Hulton Archive, Getty Images
Hulton Archive, Getty Images

Holger Czukay, who co-founded Can and served as its bass player from 1968-77, has died. He was 79. The cause of death is unknown at this time.

According to the Quietus, his body was discovered in his apartment in Weilerswist, Germany, the same building that served as the group’s Inner Space Studio. After construction workers on-site had realized he had not been seen for several days, they asked a neighbor to check in on him. A doctor was called, and he was pronounced dead.

His death comes less than two months after his wife, Ursula, passed away on July 28. He’s the second original member of Can to die this year. Drummer Jaki Liebezeit passed away from pneumonia back in January.

A native of Gdansk, Poland, Czukay studied under avant-garde composer Karlheinz Stockhausen between 1963 and 1966. From there he worked as a music teacher until one of his students played him the Beatles’ “I Am the Walrus” and he became intrigued by the experimental rock music. At the same time, another student of Stockhausen, keyboardist Irmin Schmidt, was feeling the same way, and they teamed up with Liebezeit and guitarist Michael Karoli, a student of Czukay’s, to form Can.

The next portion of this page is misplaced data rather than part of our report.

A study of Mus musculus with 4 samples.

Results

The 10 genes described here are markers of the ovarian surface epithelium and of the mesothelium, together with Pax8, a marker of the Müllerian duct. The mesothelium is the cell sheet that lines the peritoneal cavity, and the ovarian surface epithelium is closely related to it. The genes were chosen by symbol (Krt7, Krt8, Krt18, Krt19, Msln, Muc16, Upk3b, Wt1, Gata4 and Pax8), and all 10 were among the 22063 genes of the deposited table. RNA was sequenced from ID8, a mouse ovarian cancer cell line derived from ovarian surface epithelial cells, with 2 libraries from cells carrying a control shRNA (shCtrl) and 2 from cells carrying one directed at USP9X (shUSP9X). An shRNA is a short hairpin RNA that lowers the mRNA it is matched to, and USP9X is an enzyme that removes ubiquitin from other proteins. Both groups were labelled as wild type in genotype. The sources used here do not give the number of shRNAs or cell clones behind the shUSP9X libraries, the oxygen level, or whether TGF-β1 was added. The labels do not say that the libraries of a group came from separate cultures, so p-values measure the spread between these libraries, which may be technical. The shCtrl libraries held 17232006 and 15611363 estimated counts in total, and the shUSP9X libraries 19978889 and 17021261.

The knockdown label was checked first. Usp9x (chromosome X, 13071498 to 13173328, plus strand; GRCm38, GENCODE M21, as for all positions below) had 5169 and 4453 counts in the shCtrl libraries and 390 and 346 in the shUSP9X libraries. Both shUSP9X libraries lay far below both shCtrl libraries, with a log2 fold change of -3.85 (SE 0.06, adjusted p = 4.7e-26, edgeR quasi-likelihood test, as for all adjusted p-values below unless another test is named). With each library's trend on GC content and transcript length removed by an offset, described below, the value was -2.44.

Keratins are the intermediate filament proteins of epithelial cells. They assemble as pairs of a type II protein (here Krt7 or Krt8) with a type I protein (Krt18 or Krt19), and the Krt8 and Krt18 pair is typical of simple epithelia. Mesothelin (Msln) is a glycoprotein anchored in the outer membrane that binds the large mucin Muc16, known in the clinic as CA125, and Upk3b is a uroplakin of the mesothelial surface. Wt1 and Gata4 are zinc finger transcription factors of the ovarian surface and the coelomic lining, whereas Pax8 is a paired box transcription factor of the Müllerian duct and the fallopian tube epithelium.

Czukay played bass on the eight records Can released between 1969 and 1976, and also was their engineer for many years at Inner Space. However, on 1977’s Saw Delight, Rosko Gee of Traffic handled bass chores while he providing sound effects, and he left shortly thereafter.

From there, he moved on to a solo career, putting out eight albums between 1981 and 2001, and also worked with the Edge, Peter Gabriel, Brian Eno and the Eurythmics. Beginning with 1979’s Movies, he helped innovate sampling in the pre-digital years by cutting up tape from radio broadcasts around the world and mixing them into his compositions. His most recent record was 2015’s 11 Years Innerspace.